THE Election Commission has supported the idea of holding simultaneous elections to the Parliament and State Assemblies, in a letter sent to the Law Ministry in the first week of May, sources told The Indian Express.
This is the first time the poll watchdog has officially expressed its willingness to conduct Lok Sabha and state polls together.
“In so far as the Election Commission is concerned, the issues involved in holding simultaneous elections are not insurmountable for it. If there is political consensus and will across the board, needless to say that the Commission supports the idea of considering simultaneous elections,” the two-page letter states.
This communication, sources said, was sent in response to the Law Ministry seeking the EC’s comments on the 79th Report of the Department-related Parliamentary Committee on the ‘Feasibility of Holding Simultaneous Elections to the House of People (Lok Sabha) and State Legislative Assemblies’.
The Commission’s remarks are significant against the backdrop of Prime Minister Narendra Modi recently pitching for concurrent polls to panchayats, urban local bodies, states and the Parliament at a BJP meeting in March.
Conduct of simultaneous polls to the Parliament and state assemblies is also a promise in the party’s manifesto for the Lok Sabha elections in 2014.
The poll panel, however, has flagged several logistical and financial challenges that have to be overcome before it can prepare to hold state and central elections together.
For starters, the government will have to amend the Constitution to either curtail or extend the term of some of the state Assemblies to enable the EC to draw up a common poll schedule.
Secondly, such an exercise will require large-scale purchase of Electronic Voting Machines (EVMs) and Voter Verifiable Paper Audit Trail (VVPAT) machines. According to the Commission, it would need Rs 9,284.15 crore to procure the additional EVMs and VVPATs. Moreover, the machines will have to be replaced every 15 years which would again entail more expenditure.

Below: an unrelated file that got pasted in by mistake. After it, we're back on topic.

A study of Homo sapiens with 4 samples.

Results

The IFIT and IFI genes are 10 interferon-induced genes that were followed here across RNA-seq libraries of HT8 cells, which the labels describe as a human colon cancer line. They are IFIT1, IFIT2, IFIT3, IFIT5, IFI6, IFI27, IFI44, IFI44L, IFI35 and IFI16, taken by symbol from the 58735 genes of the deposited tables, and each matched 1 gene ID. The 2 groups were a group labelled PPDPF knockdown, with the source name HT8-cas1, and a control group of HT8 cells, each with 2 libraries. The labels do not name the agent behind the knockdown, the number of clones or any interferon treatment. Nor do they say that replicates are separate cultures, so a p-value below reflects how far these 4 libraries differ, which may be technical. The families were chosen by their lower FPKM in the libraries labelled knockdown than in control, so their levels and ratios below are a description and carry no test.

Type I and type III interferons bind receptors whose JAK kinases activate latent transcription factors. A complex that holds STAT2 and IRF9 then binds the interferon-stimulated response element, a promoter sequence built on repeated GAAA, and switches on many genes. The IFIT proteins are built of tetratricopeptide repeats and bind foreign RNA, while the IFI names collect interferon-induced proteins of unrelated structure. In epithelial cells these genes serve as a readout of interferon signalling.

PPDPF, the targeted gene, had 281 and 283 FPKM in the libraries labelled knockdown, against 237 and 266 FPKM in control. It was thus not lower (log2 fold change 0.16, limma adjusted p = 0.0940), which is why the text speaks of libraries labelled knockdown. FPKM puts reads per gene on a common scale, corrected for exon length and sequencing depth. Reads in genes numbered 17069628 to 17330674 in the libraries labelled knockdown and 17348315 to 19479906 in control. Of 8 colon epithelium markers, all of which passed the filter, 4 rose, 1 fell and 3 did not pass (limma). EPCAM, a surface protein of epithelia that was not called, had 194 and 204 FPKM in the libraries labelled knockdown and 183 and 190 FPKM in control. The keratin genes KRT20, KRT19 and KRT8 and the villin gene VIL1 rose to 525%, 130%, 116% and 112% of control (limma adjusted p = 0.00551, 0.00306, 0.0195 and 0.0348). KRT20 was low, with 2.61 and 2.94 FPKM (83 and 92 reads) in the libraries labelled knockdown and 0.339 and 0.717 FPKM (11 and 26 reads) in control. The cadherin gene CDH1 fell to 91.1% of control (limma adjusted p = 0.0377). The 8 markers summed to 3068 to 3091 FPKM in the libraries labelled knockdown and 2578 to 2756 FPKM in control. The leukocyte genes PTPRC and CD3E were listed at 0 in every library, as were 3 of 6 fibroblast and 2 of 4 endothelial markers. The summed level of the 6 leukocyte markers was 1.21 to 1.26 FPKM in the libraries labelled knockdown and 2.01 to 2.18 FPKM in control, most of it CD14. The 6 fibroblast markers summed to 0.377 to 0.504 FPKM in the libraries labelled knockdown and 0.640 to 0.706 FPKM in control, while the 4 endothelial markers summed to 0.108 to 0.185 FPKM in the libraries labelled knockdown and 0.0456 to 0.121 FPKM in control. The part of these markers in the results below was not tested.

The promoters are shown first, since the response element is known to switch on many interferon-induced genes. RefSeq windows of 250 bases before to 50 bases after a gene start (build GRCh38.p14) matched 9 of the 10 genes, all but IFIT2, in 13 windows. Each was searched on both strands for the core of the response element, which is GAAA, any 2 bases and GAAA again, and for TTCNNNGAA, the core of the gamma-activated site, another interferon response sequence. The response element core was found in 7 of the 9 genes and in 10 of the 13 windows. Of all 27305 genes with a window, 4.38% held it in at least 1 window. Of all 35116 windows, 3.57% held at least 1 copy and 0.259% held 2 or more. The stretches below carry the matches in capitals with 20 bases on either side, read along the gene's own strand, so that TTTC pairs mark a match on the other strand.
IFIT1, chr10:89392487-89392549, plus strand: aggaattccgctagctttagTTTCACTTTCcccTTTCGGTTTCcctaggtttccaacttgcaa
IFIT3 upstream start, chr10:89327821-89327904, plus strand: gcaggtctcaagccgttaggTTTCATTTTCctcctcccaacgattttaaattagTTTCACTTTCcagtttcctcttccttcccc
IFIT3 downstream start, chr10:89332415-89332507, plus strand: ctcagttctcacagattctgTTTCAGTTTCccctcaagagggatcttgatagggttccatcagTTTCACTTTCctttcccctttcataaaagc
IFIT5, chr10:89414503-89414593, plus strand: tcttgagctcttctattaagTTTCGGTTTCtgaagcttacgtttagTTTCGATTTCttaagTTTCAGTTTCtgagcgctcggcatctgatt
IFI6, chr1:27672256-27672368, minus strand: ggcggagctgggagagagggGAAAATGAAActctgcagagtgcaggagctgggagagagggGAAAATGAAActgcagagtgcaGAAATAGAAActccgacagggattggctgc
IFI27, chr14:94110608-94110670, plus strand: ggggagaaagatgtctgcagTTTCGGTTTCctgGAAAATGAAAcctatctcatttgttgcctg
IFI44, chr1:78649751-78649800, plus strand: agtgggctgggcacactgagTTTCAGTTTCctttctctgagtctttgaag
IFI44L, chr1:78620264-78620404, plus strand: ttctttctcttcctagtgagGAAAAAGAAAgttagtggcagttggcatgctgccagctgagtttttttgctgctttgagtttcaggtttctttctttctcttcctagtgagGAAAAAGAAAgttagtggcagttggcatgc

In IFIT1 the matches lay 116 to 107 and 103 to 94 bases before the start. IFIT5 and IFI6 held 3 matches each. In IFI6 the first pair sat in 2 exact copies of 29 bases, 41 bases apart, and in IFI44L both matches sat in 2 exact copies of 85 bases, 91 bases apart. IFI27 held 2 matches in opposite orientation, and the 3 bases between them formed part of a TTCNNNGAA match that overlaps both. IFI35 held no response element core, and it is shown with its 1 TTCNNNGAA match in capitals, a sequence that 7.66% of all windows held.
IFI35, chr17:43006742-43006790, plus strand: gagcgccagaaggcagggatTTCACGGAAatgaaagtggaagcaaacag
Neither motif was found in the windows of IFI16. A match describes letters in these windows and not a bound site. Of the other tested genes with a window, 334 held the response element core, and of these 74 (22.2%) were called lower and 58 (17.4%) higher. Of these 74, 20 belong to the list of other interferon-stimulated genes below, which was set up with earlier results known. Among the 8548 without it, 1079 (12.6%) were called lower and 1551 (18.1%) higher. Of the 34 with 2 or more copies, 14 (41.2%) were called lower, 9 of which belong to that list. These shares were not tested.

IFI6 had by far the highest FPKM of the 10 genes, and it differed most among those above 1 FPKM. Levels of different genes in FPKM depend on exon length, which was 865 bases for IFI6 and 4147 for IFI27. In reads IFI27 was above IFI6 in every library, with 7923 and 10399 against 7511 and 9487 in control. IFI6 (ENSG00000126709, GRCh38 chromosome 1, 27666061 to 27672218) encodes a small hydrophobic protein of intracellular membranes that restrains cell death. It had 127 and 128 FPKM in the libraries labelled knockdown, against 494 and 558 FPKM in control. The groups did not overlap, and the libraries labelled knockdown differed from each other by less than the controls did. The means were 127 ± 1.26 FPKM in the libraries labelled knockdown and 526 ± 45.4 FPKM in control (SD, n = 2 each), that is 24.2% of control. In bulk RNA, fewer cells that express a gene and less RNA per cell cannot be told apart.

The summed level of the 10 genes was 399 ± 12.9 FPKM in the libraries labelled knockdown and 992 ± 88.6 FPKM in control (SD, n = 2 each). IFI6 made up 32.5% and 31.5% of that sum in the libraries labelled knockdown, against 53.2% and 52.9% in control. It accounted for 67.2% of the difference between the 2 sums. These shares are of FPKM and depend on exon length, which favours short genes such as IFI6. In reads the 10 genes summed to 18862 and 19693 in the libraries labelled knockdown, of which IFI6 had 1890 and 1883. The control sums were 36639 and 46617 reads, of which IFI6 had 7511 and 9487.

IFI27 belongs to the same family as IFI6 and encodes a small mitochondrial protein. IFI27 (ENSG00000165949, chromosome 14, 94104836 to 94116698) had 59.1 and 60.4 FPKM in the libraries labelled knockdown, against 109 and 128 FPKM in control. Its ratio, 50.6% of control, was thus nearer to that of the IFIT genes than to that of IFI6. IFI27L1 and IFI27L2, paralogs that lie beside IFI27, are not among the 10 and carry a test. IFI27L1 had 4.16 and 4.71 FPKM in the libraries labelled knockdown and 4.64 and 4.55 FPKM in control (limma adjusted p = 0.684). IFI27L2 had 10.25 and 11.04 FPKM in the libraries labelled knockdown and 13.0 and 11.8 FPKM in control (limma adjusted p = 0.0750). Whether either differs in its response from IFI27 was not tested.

The EC will also need more central armed forces personnel for deployment at separate polling booths meant for Lok Sabha and state assembly elections.
The 79th Report of the Department-related Parliamentary Committee has justified the simultaneous conduct of polls on several grounds, including a huge cut in expenditure incurred for conduct of separate elections every year.
That apart, the imposition of the Model Code of Conduct at regular intervals, the report states, puts many activities of the government on hold and affects governance.
Thirdly, concurrent polls would free central armed forces and manpower that is deployed at regular intervals for election duty. “For example, the 2014 Lok Sabha elections, which were held along with State Assembly Elections in Odisha, Andhra Pradesh, Sikkim and Arunachal Pradesh, was spread over nine phases and 1077 in situ companies and 1349 mobile companies of Central Armed Police Force (CAPF) were deployed,” the report states.
The concept of simultaneous polls isn’t new to the country. The first general elections to the Lok Sabha and all State Legislative Assemblies were held together in 1951-52. This practice continued in the three subsequent general elections held in 1957, 1962 and 1967. But with the premature dissolution of some State Assemblies in 1968 and 1969, this cycle was disrupted.
In 1970, the Lok Sabha itself was dissolved early and fresh elections were held in 1971. As a result, for the last 48 years, there have been separate polls for electing the central and state governments.